On Eating Burghers


An article in the New York Times included the following, “… in the 1670’s … the prime minister was killed, and partially eaten, by a mob of angry Dutch ….” Well, we couldn’t leave that alone, could we? Our thanks to the iconoclastic columnist Cecil Adams for serving up this historical tidbit. In answer to a query about the aforementioned New York Times article, Cecil replies:

I’d better give a little context for this bizarre story, not that it’s going to help.
The article you refer to, which appeared in the Times on August 21, 2005, discusses the views of Yale economist Robert Shiller, who believes that “housing prices may drop sharply, as they did 300 years ago on the Herengracht [canal] in Amsterdam.” The article cites the work of Piet Eichholtz, a Dutch economist and evidently an admirer of Shiller’s, who charted housing prices on the prestigious waterway over a 400-year span. The passage about the unfortunate prime minister reads in its entirety as follows:
On the Herengracht, [economic] returns have often been fantastic for 25 or even 50 years at a time. Home prices soared in the first half of the 17th century, around the time of the tulip mania. But they came crashing down in the 1670’s, when the prime minister was killed, and partially eaten, by a mob of angry Dutch, and the country nearly disintegrated. Prices lagged inflation during the Napoleonic wars but surged after William became king in 1814 and the country industrialized.
No further details are provided. The reader seeking guidance about the housing market can only conclude: If people are eating government officials in your neighborhood, it’s time to sell.
So much for the Times. Now for the straight dope:

(1) The digested party was Johan de Witt (1625-1672; his first name is sometimes given as Jan or John), head of the Dutch government from 1653 till shortly before his demise. His title was raadpensionaris (commonly rendered as “grand pensionary” or “councillor pensionary”), but he was the equivalent of prime minister. Unknown today in the English-speaking world, and apparently little remembered even in the Netherlands, he was one of the great statesmen of his time, building his tiny confederacy (the United Provinces, as they were known, had a combined population of less than 2 million) into a global economic power through skillful diplomacy and efficient administration. His reward was a gruesome death at the hands of his ingrate countrymen.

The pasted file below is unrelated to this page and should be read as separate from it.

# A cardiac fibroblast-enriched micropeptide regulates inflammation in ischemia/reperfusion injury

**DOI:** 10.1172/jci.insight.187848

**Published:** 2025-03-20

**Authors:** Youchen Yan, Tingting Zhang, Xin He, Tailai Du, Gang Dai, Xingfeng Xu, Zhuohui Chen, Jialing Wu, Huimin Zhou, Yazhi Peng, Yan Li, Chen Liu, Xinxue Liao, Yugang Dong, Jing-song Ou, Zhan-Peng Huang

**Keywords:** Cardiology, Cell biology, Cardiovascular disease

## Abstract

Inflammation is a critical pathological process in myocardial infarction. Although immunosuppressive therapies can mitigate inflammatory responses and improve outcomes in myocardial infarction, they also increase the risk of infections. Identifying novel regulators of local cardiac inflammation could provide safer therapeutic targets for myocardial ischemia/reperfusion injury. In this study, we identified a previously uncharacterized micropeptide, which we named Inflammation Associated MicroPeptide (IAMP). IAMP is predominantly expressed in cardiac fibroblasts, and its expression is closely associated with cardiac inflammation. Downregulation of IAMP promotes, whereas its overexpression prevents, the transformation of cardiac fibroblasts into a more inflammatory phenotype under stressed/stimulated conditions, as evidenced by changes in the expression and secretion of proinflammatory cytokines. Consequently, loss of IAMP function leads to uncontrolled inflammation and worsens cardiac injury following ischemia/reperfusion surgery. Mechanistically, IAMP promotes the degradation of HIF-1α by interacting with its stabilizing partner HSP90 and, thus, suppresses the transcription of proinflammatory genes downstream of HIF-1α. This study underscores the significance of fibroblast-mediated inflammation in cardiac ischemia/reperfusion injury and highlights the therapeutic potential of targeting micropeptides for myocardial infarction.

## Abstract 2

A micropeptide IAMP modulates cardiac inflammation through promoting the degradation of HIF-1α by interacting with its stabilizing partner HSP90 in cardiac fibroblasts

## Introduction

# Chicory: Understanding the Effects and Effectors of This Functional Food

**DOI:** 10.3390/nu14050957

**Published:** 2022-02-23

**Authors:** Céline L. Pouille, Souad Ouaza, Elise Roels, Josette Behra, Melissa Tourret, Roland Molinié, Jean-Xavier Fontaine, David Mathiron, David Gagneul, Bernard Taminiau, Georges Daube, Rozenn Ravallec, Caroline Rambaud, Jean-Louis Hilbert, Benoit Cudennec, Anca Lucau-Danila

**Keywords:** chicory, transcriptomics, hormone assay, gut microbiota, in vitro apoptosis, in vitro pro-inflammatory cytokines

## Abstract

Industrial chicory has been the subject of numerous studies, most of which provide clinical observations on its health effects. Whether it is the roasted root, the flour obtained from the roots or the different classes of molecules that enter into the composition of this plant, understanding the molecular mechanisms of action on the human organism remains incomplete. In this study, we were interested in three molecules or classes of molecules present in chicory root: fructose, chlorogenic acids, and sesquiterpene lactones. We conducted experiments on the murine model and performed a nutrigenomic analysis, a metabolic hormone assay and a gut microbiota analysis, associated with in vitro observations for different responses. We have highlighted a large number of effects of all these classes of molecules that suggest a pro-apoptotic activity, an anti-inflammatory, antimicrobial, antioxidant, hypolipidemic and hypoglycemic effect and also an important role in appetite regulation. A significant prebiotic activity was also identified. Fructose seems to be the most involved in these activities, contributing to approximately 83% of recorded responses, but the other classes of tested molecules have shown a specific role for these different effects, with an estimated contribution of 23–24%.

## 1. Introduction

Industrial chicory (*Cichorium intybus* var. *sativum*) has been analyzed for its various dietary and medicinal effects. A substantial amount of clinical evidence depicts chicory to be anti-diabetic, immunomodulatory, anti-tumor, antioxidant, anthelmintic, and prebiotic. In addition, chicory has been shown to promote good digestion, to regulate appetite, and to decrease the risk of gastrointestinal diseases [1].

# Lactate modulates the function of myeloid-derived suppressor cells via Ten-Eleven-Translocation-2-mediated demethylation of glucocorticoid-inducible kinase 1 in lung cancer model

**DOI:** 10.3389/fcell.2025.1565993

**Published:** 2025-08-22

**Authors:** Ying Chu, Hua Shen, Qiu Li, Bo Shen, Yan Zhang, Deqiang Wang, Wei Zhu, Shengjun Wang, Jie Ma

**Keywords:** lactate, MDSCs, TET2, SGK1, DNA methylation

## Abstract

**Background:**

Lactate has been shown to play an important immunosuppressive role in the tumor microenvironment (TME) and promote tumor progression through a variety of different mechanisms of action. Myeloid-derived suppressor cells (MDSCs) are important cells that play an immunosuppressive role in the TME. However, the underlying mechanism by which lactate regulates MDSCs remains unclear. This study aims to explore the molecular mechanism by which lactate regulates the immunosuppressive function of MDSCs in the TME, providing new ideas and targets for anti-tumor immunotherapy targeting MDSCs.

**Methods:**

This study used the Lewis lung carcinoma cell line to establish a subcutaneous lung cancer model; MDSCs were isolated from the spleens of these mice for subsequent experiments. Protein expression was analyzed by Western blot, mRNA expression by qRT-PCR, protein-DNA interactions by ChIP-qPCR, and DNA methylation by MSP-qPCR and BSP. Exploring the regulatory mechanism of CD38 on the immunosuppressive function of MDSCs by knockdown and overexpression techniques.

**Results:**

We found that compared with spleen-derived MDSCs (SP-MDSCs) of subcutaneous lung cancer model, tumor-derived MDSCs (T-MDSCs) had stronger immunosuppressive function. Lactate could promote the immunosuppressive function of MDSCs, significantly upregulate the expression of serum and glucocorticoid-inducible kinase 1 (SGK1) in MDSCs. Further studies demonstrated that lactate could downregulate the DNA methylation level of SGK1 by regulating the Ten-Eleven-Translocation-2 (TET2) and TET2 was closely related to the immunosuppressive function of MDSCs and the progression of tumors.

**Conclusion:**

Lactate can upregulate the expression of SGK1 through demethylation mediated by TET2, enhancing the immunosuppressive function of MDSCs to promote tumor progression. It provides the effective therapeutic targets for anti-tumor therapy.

(2) De Witt’s chief problem prior to being eaten was that he was a staunch republican in an era when most people preferred to be ruled by a prince. The princes of the Netherlands, who had traditionally served as stadtholders, or governors, hailed from the house of Orange and were mostly named William. De Witt had no use for princes or stadtholders and contrived to keep the Williams out of the picture during most of the time he was in charge. Meanwhile he did his best to fend off his two much larger neighbors, England and France.
So, a real champion of the underdog, right? Not that simple. During the 17th century the stadtholders were elected by the Dutch provinces and enjoyed popular support, whereas de Witt represented the wealthy merchant class. But cut the man some slack. He was the smartest person around, and the Dutch were materially better off for his running the show.

(3) It all fell apart in 1672. France invaded, the frightened populace turned to William III of Orange, and suddenly de Witt was the bad guy. His brother Cornelis was arrested on a trumped-up charge of plotting to assassinate the prince. Johan went to see about getting him out of jail, which was surrounded by a mob. Possibly incited by supporters of William III, the crowd burst in, dragged out Johan and Cornelis, and beat, stabbed, and shot them to death. The bodies were hung upside down from a nearby gallows ladder and mutilated, with fingers, ears, genitals, guts, and so on sliced off. Bits of the corpses were sold as souvenirs, and allegedly a few were cooked and eaten.

Question #1: Seriously, cannibalism?
Answer: The sources cited in the principal English-language bio, Herbert Rowen’s 1978 John de Witt, are obscure, but Rowen himself doesn’t seem to doubt that the crowd snacked on burghers.

Question #2: So what was up with these people?
Answer: Rowen doesn’t say, though he distinguishes between the killers, who were solid citizens, and the mutilators, who were “scaffold scum,” as a contemporary pamphlet puts it.
The atrocity had no noticeable impact on William III’s career (he later became king of England). Though notorious for centuries — the murders are the centerpiece of Dumas Pere’s 1850 novel The Black Tulip.

The Straight Dope by Cecil Adams, www.straightdope.com. Copyright 2005 Sun-Times Media. Reprinted with permission.